Photo via lucaboldrini69 via Flickr CC
Around 250 million people are bitten by venomous snakes each year causing not only deaths, but also nearly 300,000 amputations annually - most of which could be avoided if anti-venom were on hand. But in many areas there's a shortage - and even impending failure of supplies - as anti-venom stocks run short. The World Health Organization is hoping to solve the issue by launching an online snake guide, showing where the poisonous species that do the most damaged are located, and what they look like, so that antivenom can be stocked in the right places. The Telegraph reports that because snake bites is a health issue often ignored by the countries where they occur the most, anti-venom prices went up and some manufacturers quite making it altogether. That means a serious shortage of the life- and limb-saving substance.
The World Health Organization's database was created "to enable users to easily identify the most important venomous snakes in their country, territory or area; see the distributions of each species; and find information about antivenom products for treating envenoming caused by their bites."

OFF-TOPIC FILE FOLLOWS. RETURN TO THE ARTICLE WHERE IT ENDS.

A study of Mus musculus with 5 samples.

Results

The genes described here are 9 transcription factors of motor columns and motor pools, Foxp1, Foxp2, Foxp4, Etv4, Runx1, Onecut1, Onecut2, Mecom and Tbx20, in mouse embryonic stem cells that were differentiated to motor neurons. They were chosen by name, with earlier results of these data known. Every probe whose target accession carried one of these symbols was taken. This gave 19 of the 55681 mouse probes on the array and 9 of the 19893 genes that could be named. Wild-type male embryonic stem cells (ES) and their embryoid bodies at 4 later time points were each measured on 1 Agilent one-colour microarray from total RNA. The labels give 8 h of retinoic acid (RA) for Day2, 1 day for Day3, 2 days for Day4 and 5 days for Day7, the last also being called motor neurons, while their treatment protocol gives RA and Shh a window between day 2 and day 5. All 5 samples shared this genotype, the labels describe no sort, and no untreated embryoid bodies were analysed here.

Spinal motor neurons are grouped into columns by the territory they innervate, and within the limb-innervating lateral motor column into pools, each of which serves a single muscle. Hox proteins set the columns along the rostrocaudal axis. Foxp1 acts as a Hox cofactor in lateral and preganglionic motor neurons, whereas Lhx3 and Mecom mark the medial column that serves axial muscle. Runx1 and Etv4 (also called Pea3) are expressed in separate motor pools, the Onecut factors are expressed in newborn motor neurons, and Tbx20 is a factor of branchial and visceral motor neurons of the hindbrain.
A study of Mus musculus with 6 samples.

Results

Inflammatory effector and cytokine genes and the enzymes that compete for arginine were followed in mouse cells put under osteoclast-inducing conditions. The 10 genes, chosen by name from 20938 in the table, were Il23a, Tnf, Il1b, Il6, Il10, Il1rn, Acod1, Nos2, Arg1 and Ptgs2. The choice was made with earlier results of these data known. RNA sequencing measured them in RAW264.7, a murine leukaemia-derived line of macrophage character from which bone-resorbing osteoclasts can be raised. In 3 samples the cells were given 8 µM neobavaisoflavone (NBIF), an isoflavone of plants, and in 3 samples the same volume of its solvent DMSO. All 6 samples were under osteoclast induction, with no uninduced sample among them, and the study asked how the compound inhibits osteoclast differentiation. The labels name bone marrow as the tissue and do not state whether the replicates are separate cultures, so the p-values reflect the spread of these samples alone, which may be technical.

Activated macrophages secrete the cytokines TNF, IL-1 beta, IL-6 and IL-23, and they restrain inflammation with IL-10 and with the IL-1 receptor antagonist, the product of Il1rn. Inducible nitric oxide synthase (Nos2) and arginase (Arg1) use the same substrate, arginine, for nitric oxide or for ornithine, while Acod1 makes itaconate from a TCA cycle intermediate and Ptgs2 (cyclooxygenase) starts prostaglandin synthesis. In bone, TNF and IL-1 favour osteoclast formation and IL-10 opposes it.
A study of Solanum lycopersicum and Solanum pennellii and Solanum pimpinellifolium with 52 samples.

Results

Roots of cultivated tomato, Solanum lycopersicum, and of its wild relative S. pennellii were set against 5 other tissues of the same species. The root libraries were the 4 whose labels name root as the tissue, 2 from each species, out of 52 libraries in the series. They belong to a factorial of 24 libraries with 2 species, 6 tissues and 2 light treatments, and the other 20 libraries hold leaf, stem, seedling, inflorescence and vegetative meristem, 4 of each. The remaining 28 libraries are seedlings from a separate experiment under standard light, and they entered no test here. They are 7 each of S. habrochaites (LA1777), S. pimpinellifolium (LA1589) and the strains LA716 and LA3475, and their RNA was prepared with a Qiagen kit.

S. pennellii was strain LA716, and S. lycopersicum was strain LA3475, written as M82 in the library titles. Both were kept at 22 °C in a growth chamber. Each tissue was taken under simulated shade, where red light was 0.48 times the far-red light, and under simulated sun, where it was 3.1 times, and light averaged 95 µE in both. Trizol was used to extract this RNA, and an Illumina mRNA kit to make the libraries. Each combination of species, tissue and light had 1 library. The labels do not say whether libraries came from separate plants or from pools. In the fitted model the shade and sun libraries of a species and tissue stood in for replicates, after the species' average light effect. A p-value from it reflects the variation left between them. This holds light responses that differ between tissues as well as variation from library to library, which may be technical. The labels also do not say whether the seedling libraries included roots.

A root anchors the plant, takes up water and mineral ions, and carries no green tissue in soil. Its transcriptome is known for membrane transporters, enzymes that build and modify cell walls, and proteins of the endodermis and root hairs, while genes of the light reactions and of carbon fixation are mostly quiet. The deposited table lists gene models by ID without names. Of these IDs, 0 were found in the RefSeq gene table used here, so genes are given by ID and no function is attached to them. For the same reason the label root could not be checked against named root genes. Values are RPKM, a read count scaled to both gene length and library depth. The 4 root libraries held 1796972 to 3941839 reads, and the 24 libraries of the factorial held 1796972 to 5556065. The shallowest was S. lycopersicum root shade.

How this will benefit anyone other than doctors isn't clear, since the areas where a lack of anti-venom and number of annual snake bites is the most problematic are poor rural areas where access to a computer and internet to peruse the database is unlikely.
Still, access to every bit of information helps, though what would help more is a greater access to the appropriate anti-venom when needed. The numbers of snake bite incidents are huge, and as people move deeper into snake habitats, the run-ins are more and more likely to occur. And in some areas, fragmented habitat is actually a boon for snakes who favor "transition" areas between forest and farmland. That means farmer, beware.